Tissue engineering and regenerative medicine are the foundation of cultivating human organs. Photo: HKU
Tissue engineering and regenerative medicine are the foundation of cultivating human organs. Photo: HKU

Researchers at the University of Hong Kong’s Department of Mechanical Engineering, in collaboration with their US peers with the University of Pennsylvania, University of Virginia and Stanford University, have made a breakthrough in cell mechanics that may help scientists understand better how cells perform their biological duties in vivo.

Their research outcome may also help bring the lab cultivation of human tissues and organs closer to reality.

Dr Lin Yuan and his international collaborators are the first team worldwide to reveal the mechanism by which surrounding viscoelasticity affects cell response across a wide range of material parameters.

The findings were published in the prestigious international academic journal Proceedings of the National Academy of Sciences of the United States of America.

Dr. Lin Yuan, with the University of Hong Kong’s Department of Mechanical Engineering. Photo: HKU

Lin’s area of expertise, regenerative medicine, or “tissue engineering”, is about using living cells to grow adult tissues such as skin, blood vessels, joints, or major organs such as a healthy heart, for transplantation.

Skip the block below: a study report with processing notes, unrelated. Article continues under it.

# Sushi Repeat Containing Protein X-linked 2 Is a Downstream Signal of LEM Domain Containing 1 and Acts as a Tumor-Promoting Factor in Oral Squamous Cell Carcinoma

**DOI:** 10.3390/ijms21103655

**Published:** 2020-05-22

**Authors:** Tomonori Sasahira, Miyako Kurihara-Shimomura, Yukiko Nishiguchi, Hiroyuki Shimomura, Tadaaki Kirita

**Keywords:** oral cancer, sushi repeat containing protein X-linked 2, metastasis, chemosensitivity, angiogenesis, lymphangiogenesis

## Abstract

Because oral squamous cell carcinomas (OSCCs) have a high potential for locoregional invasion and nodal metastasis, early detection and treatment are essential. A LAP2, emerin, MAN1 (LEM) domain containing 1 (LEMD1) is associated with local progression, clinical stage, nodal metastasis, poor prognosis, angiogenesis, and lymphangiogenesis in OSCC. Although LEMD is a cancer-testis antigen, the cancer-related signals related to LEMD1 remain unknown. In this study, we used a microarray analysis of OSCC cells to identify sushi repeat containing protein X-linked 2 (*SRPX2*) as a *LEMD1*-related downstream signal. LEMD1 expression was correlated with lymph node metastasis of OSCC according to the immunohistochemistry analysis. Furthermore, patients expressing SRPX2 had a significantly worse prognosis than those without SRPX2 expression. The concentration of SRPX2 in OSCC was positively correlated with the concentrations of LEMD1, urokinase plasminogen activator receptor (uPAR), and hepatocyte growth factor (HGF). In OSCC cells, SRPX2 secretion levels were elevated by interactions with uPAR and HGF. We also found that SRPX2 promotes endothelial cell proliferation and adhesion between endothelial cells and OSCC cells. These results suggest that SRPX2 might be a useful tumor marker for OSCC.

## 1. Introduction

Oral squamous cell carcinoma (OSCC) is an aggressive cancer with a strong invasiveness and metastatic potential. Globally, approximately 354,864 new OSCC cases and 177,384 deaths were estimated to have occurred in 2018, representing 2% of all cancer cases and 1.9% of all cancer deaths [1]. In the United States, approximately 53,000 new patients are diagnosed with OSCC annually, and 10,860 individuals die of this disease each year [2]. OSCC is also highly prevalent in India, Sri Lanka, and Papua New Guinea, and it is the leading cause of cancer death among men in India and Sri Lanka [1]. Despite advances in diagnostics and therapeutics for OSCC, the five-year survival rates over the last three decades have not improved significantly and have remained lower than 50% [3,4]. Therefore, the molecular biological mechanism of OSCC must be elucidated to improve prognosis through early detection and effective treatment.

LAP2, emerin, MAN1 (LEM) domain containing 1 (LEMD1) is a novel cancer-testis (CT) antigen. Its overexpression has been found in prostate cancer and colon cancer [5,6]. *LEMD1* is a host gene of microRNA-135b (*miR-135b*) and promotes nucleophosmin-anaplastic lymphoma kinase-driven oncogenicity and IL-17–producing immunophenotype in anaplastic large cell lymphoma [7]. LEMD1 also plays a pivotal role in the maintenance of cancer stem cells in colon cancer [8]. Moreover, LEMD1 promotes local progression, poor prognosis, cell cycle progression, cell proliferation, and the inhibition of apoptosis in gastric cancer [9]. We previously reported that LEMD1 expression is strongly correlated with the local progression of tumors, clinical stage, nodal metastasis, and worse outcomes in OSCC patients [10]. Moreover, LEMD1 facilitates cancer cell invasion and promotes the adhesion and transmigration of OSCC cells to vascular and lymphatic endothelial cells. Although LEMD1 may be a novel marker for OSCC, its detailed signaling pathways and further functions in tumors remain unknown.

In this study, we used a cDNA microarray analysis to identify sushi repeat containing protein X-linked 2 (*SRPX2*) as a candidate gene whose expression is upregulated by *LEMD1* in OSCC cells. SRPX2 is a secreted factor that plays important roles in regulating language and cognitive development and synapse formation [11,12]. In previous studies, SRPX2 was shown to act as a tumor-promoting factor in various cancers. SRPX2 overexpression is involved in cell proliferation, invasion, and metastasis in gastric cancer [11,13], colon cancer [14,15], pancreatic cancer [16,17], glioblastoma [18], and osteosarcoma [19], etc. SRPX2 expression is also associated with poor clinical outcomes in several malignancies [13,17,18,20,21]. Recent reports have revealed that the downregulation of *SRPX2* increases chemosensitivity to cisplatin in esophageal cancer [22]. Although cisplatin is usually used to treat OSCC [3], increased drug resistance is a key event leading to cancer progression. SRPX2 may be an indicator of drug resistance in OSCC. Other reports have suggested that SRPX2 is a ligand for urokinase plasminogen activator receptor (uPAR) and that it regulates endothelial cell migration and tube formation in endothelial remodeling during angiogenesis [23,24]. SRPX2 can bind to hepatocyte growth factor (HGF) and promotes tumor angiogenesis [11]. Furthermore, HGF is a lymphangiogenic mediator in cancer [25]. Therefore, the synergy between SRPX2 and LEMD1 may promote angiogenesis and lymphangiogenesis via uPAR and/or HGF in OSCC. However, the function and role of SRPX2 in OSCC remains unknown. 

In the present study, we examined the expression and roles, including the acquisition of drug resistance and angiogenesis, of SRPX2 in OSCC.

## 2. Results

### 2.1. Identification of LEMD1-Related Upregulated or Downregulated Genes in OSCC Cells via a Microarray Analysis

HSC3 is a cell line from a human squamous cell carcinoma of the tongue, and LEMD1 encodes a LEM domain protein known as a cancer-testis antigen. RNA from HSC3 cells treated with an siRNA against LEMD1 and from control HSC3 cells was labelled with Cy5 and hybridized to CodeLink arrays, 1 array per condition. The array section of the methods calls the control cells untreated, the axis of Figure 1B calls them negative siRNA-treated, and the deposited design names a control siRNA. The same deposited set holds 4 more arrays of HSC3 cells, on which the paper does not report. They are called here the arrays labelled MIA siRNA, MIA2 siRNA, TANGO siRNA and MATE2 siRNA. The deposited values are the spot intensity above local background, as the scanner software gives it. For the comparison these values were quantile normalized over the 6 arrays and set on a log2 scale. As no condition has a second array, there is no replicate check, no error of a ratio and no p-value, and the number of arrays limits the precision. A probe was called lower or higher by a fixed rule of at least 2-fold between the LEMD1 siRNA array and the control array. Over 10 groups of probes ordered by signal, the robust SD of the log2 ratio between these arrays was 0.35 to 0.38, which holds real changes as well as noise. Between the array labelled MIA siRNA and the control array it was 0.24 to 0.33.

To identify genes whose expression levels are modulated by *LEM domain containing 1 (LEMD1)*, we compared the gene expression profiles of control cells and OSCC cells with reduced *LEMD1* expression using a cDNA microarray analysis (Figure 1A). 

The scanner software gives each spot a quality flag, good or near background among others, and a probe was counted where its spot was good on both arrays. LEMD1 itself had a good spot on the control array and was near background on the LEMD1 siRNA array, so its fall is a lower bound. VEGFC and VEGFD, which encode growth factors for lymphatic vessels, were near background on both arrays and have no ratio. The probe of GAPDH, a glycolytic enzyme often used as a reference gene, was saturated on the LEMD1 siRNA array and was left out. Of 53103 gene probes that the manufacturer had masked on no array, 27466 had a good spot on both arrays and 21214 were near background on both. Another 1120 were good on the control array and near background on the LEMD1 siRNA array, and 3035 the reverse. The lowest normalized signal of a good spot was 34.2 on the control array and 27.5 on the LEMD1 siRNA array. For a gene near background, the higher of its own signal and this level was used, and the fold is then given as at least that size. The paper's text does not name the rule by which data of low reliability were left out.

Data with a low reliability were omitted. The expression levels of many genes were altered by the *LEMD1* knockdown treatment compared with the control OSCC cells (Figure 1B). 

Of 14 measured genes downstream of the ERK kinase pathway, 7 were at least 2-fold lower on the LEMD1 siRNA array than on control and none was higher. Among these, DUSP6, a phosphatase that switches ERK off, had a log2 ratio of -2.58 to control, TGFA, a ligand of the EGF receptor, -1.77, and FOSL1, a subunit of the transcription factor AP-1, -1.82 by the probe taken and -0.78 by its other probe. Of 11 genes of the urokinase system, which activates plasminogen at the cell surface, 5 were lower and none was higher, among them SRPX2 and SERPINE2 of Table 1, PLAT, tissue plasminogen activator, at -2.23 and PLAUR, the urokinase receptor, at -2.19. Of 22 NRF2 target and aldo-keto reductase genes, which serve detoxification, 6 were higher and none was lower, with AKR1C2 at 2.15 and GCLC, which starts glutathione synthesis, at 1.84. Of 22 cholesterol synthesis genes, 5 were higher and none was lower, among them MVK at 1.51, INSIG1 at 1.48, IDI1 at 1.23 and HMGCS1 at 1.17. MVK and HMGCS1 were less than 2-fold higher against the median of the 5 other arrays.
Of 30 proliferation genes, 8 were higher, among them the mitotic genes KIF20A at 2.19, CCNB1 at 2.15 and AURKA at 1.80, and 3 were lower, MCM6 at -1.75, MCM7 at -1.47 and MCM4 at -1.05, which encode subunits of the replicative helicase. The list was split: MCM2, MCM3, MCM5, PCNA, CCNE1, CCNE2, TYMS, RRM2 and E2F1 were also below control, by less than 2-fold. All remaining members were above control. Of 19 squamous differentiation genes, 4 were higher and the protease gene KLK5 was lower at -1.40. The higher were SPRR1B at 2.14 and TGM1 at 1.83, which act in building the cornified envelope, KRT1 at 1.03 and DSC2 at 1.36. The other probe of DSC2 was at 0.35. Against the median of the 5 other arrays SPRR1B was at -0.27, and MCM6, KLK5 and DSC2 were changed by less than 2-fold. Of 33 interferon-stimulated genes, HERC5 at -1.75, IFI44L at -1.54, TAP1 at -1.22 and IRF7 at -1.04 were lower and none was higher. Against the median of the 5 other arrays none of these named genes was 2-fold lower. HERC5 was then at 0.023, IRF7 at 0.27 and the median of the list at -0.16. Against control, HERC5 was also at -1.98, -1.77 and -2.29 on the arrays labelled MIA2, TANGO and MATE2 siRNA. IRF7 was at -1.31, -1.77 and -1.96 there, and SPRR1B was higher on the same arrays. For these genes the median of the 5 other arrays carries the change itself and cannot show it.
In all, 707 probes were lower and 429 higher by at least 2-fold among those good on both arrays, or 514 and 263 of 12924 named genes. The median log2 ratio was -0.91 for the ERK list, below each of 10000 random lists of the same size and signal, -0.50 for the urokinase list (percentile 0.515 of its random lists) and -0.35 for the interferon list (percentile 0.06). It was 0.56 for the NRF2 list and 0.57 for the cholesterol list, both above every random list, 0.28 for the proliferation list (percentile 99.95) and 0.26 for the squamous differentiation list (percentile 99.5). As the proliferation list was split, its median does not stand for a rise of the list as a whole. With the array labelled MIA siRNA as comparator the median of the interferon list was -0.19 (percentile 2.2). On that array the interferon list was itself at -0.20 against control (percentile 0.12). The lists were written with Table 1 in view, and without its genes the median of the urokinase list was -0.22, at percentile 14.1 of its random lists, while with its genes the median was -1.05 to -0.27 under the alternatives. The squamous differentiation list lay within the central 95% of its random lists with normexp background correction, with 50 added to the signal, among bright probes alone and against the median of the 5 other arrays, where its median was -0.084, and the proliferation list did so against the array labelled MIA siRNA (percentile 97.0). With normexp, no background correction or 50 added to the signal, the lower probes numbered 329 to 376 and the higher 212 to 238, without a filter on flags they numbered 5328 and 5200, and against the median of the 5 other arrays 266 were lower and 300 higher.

A key to cultivating living cells is to provide them with a proper extracellular matrix close to the natural body environment for optimal growth and functioning, according to Lin.

Most existing studies on this front focus on chemical composition, surface coating, porosity or stiffness of the extracellular matrix as they affect the cell behavior. But the role of material viscosity in regulating the behavior of cells remains largely unknown to scientists.

Lin’s research provides a novel insight into the dissipation in proper extracellular matrices, which can be as important as elasticity in directing cell response.

Specifically, the research team developed a stochastic model to examine the dynamics of motor clutches formed between the cell and a viscoelastic substrate as well as its implications in the spreading of cells.

The model was tested and validated on three different material systems – hydrogel, polyacrylamide- and hyaluronic acid-based systems.

Dr. Lin’s team is among the world’s most active groups in cell mechanics research, particularly in elucidating the physical mechanisms behind important cellular processes such as cell adhesion, cell migration and mechanotransduction, as well as exploring their possible applications in disease detection and tissue engineering.